How to tap into the power of a great children's story

Updated: Mar 25

I love stories. 😊 I love them even if they’re meant for kids. There’s just something innocent and pure and wondrous about them.

Take for example The Enormous Turnip by Aleksey Tolstoy – a Russian folktale where a farmer tries to pull out a giant turnip with the help of his wife and animal friends. What should they do? Will they succeed? (And how did the turnip get so big?)

If I’m entertained, just imagine the kids. 😊

“Stories are terrific sparks for creativity and are extremely potent in engaging a child’s imagination,” says Ruby Lim-Yang, the artistic director of ACT 3 Drama Academy in Singapore.

This is Ruby 😊

“Children are naturally imaginative, curious and eager to participate – the very basis of playing.”

So imagine an amazing story as the basis for a couple of children’s workshops. Wouldn’t you want your child (or your niece or nephew, if you’re an aunt like me) to experience that, and see it come to life in front of their eyes?

“Drama-driven programmes provide a safe and comfortable space for children to trust themselves when it comes to exploring and venturing at their own pace to play and imagine,” Ruby explains.

“We set up the environment for playing – and backed by good narratives from stories – children are transported into an imagined world and go where their imagination takes them.”

Your wish is granted

And mine too, because ACT 3 Drama Academy will be doing all that and more when they hold their June Holiday Workshops from 03 to 29 June 2019.

It includes a workshop that revolves around The Enormous Turnip, of course, as well as Animal Farm for teens, where participants get to live out their spirit animals. The Enormous Turnip and its other similarly inspired workshops are geared towards different age ranges, from seven months to 10 years old.

There’s music, rhyming and laughter, and lessons on teamwork, dreaming big, freedom of expression and creativity, among others.

“The workshops focus on building independent imaginative thinking, and drawing connections between the imagined and reality,” Ruby adds.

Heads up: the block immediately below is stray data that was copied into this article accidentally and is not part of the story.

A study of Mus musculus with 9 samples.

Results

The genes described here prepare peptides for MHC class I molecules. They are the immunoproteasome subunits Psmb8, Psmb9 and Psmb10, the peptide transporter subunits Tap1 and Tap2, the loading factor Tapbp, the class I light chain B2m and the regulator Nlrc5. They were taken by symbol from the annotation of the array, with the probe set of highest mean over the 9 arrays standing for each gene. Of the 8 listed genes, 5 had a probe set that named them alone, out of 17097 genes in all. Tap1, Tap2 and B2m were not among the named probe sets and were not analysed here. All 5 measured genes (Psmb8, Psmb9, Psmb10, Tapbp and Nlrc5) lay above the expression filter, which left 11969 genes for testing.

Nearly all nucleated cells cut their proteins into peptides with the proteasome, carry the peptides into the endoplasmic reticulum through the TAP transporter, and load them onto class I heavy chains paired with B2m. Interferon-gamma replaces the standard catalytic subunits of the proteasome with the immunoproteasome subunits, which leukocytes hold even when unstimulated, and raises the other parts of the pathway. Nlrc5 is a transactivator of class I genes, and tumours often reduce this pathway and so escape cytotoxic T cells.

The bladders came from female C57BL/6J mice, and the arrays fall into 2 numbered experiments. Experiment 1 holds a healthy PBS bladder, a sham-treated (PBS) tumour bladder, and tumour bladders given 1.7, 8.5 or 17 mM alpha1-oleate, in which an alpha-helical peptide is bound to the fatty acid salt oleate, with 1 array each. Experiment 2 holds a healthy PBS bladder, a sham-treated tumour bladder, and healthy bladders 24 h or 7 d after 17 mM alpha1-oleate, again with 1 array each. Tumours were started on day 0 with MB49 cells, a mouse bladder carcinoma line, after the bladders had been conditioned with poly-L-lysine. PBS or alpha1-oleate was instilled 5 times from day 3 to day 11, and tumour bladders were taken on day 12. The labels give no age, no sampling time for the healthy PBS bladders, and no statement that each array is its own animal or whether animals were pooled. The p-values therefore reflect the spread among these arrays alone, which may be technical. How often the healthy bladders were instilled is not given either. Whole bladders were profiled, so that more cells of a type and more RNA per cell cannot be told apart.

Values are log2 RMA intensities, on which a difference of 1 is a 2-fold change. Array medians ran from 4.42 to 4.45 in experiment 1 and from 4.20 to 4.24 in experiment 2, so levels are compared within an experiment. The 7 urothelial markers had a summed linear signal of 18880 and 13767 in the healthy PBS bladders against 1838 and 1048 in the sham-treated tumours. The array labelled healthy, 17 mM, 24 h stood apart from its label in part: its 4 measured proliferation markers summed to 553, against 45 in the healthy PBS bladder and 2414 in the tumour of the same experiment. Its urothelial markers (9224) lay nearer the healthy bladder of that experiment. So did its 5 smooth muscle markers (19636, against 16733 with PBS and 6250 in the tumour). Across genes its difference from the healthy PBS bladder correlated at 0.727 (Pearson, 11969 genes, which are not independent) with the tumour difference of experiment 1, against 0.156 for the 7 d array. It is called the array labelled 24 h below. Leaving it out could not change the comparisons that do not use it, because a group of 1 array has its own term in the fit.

“At ACT 3 Drama Academy, our focus is very much on the process of discovering, exploring and experimenting with thoughts, ideas and the imagination. Our workshops help to develop a child’s confidence, as well as his ability to interact with other children and with the teacher; to use language to create and communicate; and to use the imagination to play roles, improvise creatively, and be expressive vocally and physically.”

Everyone wins

And not just the kids. 😊

For Ruby: “I find pleasure and fulfilment in the delight, enjoyment and desire kindled in children for drama through our workshops. It’s a joyous feeling when each child leaves with a sense of accomplishment, a positive and fun drama experience, plus a deeper appreciation for the creative process that lasts till adulthood.”

For educators, those involved in children’s workshops, and the arts: “Indeed, the aim of any worthy drama workshop is to stimulate the senses of the young child in learning multi-sensorially,” Ruby stresses.

“More and more, there’s a greater need for immersing children in the arts against the backdrop of today’s digitally-led society.”

And for the adults: The workshops are for children, but it doesn’t mean you won’t have fun or find something of value in them. Ruby tells us how we can use such stories and workshops to our benefit, and why participating in them can help us and our child (and niece or nephew, or kid brother or sister) “bond, and enrich our relationship”. 😊

Think about any of these takeaways the next time you open a story book with your young one, or come across another story-themed children’s workshop that you can both join in.

#1 It creates a circle of trust

“Very young children turn to their parents or care-giving adults as role models,” Ruby relates.

“In the parent-accompanied workshops, parents can feel at ease playing with the children and can respond freely to the stimuli of the activities. This allows them to rediscover the ability, freedom and joy of playing.

“Joint participation will break down inhibitions, encourage more playing, and build the child’s confidence and trust in the process of drama – that it is safe, nurturing and non-judgmental.”

#2 It leads to “positive” distractions

“There’s also the added takeaway of using the ideas for play at home, should the parent be at wit’s end as to what to do with a young child between meals and naps!”

#3 It starts conversations

“In turn they will help build vocabulary, language, and a connection.”

#4 It takes us on a journey

“You can rekindle childlike wonder and have an open mind to try new things together.”

#5 It helps us believe that anything is possible

“You build a deeper understanding and awareness of creativity, the power of imagination, and beauty,” Ruby concludes.

Now do you know why I love stories – even the ones for kids? Their potential and the possibilities for magic are endless. 😊

You can register for the workshops online at ACT 3 Drama Academy’s site; you can also call 65 6735 9986, email, or visit them at ONE-TWO-SIX Cairnhill Arts Centre, 126 Cairnhill Road, Singapore 229707.